Prescriptions written in other EU or EEA countries or Switzerland must be filled in Finland if they carry the following information:
- patient’s surname, first name and date of birth
- prescription’s date of issue
- information on the prescribing professional: surname, first name, professional qualification, direct contact information (e-mail address and phone number or fax with the international prefix), work address (including country) and signature
- information on the medicine: name of the active substance, pharmaceutical form, quantity, strength and dosage regimen.
A pharmacy may, however, fill a prescription upon its own discretion, even if some required piece of information of the prescription is missing.
Medicines classified as narcotics or psychotropic medicines and a medicine requiring prescription retention cannot be purchased with a prescription issued in another EU or EEA country or Switzerland. If you need such medicines during your stay in Finland, you need to obtain a prescription from a doctor who practises in Finland.
If you intend to purchase medication in another member state, the prescription must be issued using the name of the active substance of the pharmaceutical. The prescription can be issued using the trade name if the use of the trade name is justified. The use of the trade name must be justified in the prescription.
The EU countries use a variety of prescription forms. The layout of the prescriptions has not been harmonised. Some countries have adopted separate forms for medicines to be purchased abroad, but not all countries have done this. A pharmacy must fill a prescription issued in another EU country if it contains the above-mentioned information, irrespective of the layout.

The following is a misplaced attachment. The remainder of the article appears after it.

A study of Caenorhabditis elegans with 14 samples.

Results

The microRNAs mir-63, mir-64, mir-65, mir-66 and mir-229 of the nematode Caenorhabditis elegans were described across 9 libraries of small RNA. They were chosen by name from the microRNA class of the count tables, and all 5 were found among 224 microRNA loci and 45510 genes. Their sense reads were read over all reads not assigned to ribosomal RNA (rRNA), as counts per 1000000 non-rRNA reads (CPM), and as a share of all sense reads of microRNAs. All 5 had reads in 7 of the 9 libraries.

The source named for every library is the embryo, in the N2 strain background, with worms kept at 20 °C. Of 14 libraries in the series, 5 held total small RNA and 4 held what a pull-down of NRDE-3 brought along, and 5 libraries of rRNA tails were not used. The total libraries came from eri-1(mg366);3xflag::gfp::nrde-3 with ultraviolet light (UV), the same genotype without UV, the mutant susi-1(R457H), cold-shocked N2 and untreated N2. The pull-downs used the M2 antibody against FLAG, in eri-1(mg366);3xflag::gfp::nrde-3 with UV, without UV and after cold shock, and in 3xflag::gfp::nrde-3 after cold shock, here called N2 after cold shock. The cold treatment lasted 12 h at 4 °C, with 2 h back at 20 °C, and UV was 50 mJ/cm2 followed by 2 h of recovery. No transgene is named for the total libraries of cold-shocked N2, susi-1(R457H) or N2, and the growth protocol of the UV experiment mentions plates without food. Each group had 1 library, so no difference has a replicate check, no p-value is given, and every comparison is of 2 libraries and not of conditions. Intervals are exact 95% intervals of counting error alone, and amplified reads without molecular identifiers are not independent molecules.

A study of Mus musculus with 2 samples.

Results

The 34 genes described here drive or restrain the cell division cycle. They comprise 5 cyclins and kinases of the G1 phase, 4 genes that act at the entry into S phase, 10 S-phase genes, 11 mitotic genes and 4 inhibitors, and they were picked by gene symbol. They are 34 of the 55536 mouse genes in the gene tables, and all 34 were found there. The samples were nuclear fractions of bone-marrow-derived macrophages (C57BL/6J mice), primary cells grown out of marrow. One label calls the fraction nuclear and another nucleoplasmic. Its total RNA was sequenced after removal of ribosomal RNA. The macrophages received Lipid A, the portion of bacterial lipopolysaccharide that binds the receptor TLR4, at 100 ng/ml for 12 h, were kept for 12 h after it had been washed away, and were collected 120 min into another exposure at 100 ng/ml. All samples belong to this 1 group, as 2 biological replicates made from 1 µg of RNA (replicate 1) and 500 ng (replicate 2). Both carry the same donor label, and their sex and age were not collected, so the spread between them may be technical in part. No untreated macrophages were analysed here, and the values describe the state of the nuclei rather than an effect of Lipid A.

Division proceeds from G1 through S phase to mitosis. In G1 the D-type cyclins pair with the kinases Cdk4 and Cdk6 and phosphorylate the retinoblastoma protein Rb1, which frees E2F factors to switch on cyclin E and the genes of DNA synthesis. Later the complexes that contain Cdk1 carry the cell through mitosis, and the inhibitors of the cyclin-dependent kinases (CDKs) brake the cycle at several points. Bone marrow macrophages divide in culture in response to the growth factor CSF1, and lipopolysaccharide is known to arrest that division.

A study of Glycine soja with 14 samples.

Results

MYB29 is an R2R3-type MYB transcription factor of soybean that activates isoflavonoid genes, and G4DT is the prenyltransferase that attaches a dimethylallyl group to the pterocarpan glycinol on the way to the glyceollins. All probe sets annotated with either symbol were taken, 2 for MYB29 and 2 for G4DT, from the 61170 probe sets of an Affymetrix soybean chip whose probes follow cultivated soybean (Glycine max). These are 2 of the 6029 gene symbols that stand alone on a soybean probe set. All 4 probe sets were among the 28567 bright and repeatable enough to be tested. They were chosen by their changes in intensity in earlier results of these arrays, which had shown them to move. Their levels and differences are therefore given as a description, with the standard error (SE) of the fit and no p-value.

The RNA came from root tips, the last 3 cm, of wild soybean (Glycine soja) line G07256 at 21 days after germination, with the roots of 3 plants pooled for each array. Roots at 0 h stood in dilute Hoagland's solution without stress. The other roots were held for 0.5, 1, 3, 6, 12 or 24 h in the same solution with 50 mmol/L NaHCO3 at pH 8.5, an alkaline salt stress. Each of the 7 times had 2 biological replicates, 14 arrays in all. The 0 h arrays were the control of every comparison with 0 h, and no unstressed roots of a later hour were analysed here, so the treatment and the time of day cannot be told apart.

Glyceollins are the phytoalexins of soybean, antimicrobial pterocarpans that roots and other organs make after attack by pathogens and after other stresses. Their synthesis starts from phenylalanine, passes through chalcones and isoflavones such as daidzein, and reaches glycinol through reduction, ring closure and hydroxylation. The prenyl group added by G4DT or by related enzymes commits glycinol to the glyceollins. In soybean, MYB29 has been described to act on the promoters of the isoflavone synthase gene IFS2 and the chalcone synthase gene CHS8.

A prescription issued in another EU or EEA country or Switzerland may also be electronic. At the moment, prescription medicines prescribed in Estonia with an electronic prescription can be purchased at Finnish pharmacies. Commissioning of the service is being prepared also in the other EU countries.
Determining the authenticity of medical prescriptions
A pharmacy may decline to fill a prescription issued in another EU or EEA country or Switzerland if there is reason to suspect its authenticity. If necessary, the pharmacy can request a contact point for cross-border health care to determine the right of the person who issued the prescription to practise their profession. This might take a few days because the system is not real-time.
In European countries, the various professional groups in the health care field have different rights with regard to prescribing medication. For example, in many countries nurses are allowed to prescribe certain medicines. A prescription must be filled in Finland if the person who issued the prescription was entitled to do so in the country where the prescription was issued.